Record number of Chinese travel abroad for Spring Festival

Millions of Chinese broke from tradition and spent their vacations traveling abroad this Spring Festival holiday.

Of the 300 million Chinese who traveled during the weeklong holiday, a record 6 million visited overseas destinations, according to Ctrip.com International Ltd, the nation's largest online travel agency. It is customary for Chinese to visit their hometowns and celebrate Chinese New Year with family.

"Outbound tourism surged this Spring Festival and the number of outbound travelers that we handled tripled last year's total," said Liu Qing, vice-president of Tongcheng Network Technology Co Ltd, China's third-largest online travel agency based in Suzhou, Jiangsu province.

Bookings through Tongcheng for many popular overseas destinations doubled from last year, with several destinations seeing five times the number of bookings this Spring Festival compared with the 2015 holiday break, Liu said.

Chinese travelers also got a leg up on their holiday travel plans, with more than 80 percent booking their trips at least a month in advance, he said.

According to Tongcheng, nearly 30 percent of outbound travelers departed three days before the holiday break, which lasted from Feb 7 to 13, with 70 percent of travelers taking five- to seven-day vacations.

Zhang Han, a 31-year old resident of Beijing who went to Thailand with his wife and parents over the holiday, said traveling overseas during the Spring Festival holiday has become the new Chinese tradition.

"I know some of my friends spent the holiday traveling abroad rather than staying at home," said Zhang, who added that his parents showed surprising enthusiasm for his vacation plans.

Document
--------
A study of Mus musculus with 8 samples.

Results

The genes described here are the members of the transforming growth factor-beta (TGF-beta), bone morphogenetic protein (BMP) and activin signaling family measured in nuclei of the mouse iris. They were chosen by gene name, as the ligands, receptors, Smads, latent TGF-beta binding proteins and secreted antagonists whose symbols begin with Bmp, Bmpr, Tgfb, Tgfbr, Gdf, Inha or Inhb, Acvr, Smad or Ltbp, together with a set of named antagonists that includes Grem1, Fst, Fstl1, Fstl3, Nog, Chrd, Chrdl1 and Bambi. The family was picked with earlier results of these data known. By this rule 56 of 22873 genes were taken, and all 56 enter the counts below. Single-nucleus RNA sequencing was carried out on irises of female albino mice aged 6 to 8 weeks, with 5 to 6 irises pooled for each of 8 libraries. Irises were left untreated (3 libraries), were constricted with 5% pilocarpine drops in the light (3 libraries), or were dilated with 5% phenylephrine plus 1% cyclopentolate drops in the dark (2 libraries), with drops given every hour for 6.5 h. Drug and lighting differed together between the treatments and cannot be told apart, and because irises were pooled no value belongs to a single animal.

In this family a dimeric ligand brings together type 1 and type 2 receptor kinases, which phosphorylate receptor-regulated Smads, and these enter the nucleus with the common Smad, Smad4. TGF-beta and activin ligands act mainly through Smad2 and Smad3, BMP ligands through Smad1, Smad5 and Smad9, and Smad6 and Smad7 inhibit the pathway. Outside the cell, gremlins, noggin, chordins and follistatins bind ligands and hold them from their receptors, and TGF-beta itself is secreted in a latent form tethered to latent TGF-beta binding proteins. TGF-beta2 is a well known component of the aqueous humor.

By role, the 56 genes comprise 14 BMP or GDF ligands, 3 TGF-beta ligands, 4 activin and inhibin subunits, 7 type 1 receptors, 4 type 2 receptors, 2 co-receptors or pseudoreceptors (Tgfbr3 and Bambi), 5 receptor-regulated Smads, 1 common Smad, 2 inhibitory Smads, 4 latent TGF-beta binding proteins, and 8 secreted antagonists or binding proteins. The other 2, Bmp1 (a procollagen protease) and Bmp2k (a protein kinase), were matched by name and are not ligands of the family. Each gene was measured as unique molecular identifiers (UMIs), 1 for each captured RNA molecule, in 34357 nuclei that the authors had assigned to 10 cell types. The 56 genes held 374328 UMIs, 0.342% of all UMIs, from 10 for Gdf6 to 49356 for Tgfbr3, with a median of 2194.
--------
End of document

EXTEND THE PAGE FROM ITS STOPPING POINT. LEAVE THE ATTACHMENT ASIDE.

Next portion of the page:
"It is a win-win plan for us since we can be with family and my son can travel," said Zhang's 56-year-old father, who lives in Liaoning province.

The top 10 destinations for Chinese travelers this Spring Festival were Thailand, Japan, South Korea, the United States, Indonesia, the Maldives, France, Italy, Vietnam and Singapore, according to Tuniu Corp, one of China's largest online travel agencies.

Islands in Southeast Asia accounted for a majority of the most popular destinations, according to Ctrip and the China Tourism Academy.

"The popularity of Southeast Asian islands is directly related to their more relaxed visa policies," said Yan Xin, publicity manager at Ctrip.

Thailand provides multiple-entry visas for up to six months for all foreign travelers, Vietnam reduced its single-entry visa fee from $45 to $25 late last year, while Malaysia has a visa-free policy this year for Chinese travelers from March 1 to Dec 31.